Texas Governor Greg Abbott and Lt. Gov. Dan Patrick have been pushing voucher legislation hard this year. Texas is one of the few red states that has not adopted voucher legislation for religious and private school tuition. The big stumbling block in the past has been a sturdy coalition of urban Democrats and rural Republicans.

Writing for ReformAustin, Jovanka Palacios explains here what Governor Abbott does not understand about rural schools.

Gov. Greg Abbott believes that touring rural areas where Republican members of the Texas House or Senate are against vouchers is enough to get them and their constituents on board with the “school choice” idea. But he seems to be overlooking one small detail: “rural public schools are the lifeblood of their communities.”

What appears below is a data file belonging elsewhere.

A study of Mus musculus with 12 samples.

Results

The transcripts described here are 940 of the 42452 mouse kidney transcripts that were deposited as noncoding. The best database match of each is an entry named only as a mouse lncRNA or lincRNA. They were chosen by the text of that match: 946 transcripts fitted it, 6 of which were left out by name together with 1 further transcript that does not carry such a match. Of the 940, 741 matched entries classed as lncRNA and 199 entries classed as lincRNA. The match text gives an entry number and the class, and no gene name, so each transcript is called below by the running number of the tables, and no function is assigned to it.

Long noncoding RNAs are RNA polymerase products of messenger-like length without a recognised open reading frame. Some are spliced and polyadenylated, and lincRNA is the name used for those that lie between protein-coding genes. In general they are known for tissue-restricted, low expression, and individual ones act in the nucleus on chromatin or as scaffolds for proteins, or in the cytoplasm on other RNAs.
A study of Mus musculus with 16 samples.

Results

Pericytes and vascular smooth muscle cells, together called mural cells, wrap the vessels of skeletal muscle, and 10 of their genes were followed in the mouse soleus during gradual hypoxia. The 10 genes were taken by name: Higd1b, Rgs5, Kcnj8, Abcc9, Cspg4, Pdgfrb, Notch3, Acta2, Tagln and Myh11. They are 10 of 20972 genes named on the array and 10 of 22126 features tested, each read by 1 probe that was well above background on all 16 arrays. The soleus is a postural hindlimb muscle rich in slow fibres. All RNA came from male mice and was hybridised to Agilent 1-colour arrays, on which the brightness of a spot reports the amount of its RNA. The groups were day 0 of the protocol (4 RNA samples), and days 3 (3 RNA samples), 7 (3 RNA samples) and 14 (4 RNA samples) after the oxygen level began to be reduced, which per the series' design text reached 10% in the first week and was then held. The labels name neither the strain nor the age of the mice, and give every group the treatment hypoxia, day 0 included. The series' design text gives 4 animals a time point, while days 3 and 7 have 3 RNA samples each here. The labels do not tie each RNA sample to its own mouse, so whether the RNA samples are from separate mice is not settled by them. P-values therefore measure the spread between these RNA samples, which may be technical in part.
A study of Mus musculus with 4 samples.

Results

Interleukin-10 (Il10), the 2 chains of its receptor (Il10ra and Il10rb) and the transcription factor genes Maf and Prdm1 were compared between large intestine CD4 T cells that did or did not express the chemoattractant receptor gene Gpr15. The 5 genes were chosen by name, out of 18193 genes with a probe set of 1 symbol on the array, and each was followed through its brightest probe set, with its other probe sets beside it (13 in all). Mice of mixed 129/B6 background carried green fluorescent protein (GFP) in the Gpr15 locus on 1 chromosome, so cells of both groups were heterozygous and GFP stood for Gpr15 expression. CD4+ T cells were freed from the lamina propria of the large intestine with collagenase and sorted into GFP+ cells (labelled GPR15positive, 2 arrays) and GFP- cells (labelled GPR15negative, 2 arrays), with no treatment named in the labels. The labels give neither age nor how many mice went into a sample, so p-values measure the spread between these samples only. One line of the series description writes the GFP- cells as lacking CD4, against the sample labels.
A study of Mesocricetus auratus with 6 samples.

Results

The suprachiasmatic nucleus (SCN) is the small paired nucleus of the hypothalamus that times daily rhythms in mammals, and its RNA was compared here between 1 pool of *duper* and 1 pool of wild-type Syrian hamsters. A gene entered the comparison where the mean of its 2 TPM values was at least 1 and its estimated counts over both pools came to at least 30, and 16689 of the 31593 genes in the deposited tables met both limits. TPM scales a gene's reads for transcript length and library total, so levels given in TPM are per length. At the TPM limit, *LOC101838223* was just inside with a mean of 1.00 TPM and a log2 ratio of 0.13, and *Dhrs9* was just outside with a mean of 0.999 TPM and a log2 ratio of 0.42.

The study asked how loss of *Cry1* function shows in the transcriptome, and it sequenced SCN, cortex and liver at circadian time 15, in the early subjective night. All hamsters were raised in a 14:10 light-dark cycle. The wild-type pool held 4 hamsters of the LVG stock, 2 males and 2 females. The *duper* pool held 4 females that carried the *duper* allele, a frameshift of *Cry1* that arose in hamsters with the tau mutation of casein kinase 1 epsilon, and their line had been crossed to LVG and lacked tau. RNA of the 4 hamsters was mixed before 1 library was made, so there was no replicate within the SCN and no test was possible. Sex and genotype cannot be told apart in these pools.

Keith Bryant, Superintendent of Schools in Lubbock-Cooper ISD, illustrates the effect of a voucher program in rural public schools best:

“They are unifiers, gathering places, and information providers. Many times they are the largest employers in their communities, and, often, school events are the largest draw of visitors to their towns. Disruptions to funding for rural schools are disruptions to the fabric of life in rural communities.”

In a state where the money follows the child, students dropping out of public schools would inevitably affect – an already scarce – budget. Those who oppose a “school choice” program argue that the Legislature should focus on increasing public school education funding, instead of diverting those dollars into a system that holds no accountability.

School funding isn’t that complex, Bryant told RA News, who explains school funding as a pie that everyone in public schools in Texas is sharing.

“Every public school in Texas is sharing this pie. If someone takes a slice out of the pie to fund vouchers for private schools or homeschooling, there is less pie remaining for Texas public schools.”

Open up the link at the Network for Public Education blog, where you will see the article as well as a link to the original.